Something Old, Something New, Something Borrowed, Something Blue
Take a look at humanity's oldest surviving book.
Well, OK. It's "thought to be the oldest multi-page book." Discovered 70 years ago in Bulgaria, it dates back to 660 B.C., which makes it around 2,673 years old. It's made out of 24-carat gold, and was created by the rather mysterious Etruscans, who apparently migrated from somewhere in what is modern-day Turkey to settle in Italy around 3,000 years ago.
On the other hand, there are those who doubt its authenticity:
Since the donor, specific location of the book's discovery, and verifying scientists are all anonymous or unknown, I guess it makes sense that some doubt its authenticity.
The next oldest book we've unearthed is also Etruscan, and has no doubts cast on its authenticity. The Pyrgi gold plates were discovered in an archaeological dig off the coast of Italy in 1964 (I guess it helps that we know the Etruscans were actually in Italy.)
They have been dated to be from around 500 B.C., which makes them 2,513 years old. Two are written in Etruscan and one in Phoenician. What is cool about this is that, since we know Phoenician, we can theoretically use the Phoenician version to help us decipher the Etruscan.
I don't know how we know that the Phoenician is a copy of the Etruscan, however. But I guess it makes sense that, since they were found together, come from the same time, and are made of the same substance, that they are at least on the same subject.
Here is a translation of the Phoenician text. It is a sacred text to Astarte, also worshipped in other places as Innana or Ishtar:
I don't know if I've yet recommended Seanan McGuire's InCryptid series to you all. It's an alternate history/fantasy series, in which mythical creatures actually exist, unknown to most of humankind, but are endangered because of a delightful organization called the Covenant of St. George, which believes it must protect humanity from the monsters by driving them (the monsters, not humanity) extinct. Our heroes are a renegade family who left the Covenant some generations prior to the action of the novels, because they came to understand the concept of an ecosystem. (I believe their realization occurred when, after the Covenant of St. George exterminated unicorns out of Britain, a cholera epidemic swept through London and killed lots of people. The unicorns, bloodthirsty and horrible though they were, had horns that purified water. Whoops.)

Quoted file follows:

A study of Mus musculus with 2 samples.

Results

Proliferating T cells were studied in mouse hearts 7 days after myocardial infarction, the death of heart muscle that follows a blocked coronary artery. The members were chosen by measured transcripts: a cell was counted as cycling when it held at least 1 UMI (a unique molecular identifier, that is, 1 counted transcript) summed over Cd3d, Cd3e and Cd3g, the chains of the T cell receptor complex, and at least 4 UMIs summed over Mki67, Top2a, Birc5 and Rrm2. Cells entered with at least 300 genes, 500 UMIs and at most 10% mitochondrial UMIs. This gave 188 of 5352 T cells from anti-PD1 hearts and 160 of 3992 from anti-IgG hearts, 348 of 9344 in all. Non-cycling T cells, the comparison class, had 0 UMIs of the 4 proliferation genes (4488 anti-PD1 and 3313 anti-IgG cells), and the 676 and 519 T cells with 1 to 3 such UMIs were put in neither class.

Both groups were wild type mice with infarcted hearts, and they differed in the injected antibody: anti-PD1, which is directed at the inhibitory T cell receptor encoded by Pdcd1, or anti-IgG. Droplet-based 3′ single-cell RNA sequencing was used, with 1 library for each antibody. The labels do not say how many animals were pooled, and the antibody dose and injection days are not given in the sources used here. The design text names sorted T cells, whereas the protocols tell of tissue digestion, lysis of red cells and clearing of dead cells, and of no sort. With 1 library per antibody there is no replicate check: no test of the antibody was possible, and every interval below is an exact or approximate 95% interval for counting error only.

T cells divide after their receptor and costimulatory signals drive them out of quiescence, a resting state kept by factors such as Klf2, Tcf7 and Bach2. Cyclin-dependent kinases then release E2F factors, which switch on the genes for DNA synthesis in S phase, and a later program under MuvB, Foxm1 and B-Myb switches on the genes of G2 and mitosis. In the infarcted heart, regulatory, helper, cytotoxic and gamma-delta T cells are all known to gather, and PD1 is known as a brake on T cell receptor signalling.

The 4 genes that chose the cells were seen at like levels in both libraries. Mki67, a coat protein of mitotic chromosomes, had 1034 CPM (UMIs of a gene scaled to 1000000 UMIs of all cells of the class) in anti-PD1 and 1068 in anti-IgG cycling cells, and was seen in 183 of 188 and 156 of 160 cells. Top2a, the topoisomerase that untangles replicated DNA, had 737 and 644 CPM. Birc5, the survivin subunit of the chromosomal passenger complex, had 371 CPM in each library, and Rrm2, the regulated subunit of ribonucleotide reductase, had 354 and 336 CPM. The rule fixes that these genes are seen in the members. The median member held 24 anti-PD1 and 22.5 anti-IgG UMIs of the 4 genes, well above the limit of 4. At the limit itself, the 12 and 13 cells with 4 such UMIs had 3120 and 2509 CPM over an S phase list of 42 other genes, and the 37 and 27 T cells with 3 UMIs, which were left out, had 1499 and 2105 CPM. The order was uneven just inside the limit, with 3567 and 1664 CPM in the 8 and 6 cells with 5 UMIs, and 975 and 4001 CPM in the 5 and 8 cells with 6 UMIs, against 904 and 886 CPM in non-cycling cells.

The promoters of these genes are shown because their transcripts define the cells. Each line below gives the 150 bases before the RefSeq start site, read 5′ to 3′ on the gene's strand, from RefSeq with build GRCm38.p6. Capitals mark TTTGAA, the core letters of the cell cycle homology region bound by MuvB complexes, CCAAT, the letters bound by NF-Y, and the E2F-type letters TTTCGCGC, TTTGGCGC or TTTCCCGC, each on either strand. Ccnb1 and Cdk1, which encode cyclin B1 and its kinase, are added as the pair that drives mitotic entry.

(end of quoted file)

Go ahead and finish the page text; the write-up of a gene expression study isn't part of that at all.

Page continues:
Here's the first novel in the series:
That one is from 2012, so it's not exactly "new," though it is in comparison with 2,000-year-old books engraved on gold plates, I guess. But what's actually new is the most recent addition to the series, which I just finished reading:
This one came out early this year, so I think it can be properly classed as "new."
Can't recommend them enough.
As gjohnsit pointed out in a recent FP essay, lots of countries, particularly in Latin America, have been borrowing Cuban doctors for quite a while. They also have gone to many other places in the developing world. This is a picture posted earlier this year of Cuban doctors who worked in post-cyclone Mozambique.
I wanted to do some more research into Cuba's international medicine program. Since these doctors have, unfortunately, become a target of counter-propaganda by the bastards running my country and most of the English-speaking world, I targeted my Google search on them to run from 2000 to 2010, to see what people said about them before they became a target. I found this 2010 article posted on the website of the World Health Organization:
Well, we can't have that. Makes us look bad, showing us there's an alternative to bloody-handed economic extraction married to a fascist authoritarian international regime.
I was looking for a place to go, preferably with my family and dogs, from about Nov 1 2020 to March 1 2021. Not sure we'd have the money to do that, but I'd really rather not be around here during that time.
Realizing that taking the dogs overseas would be quite an endeavour (I won't put my dogs in a depressurized cargo hold, so they can't go on a plane, and there's only one ship that will take dogs between North America and Europe), I punted and went for somewhere not the U.S. in this hemisphere. Thought about Canada, and before that was nixed by Kate, who is more than usually susceptible to cold, I found this:
Meet the Hotel de Glace in Quebec City. It's a hotel entirely made from ice.
Not to make a terrible pun, but how cool is that?
They come decorated with beautiful ice carving:
I'm not sure I'd ever stay there. I like cold a lot better than Kate does, and even better than Nick does--but not so much when I sleep.
How are you all doing today?
Also if you have any suggestions for where to go ON the North American continent that is sufficiently remote to make tuning out the election possible, post them in the comments! If I'm going to go on any kind of a trip, time to start planning now.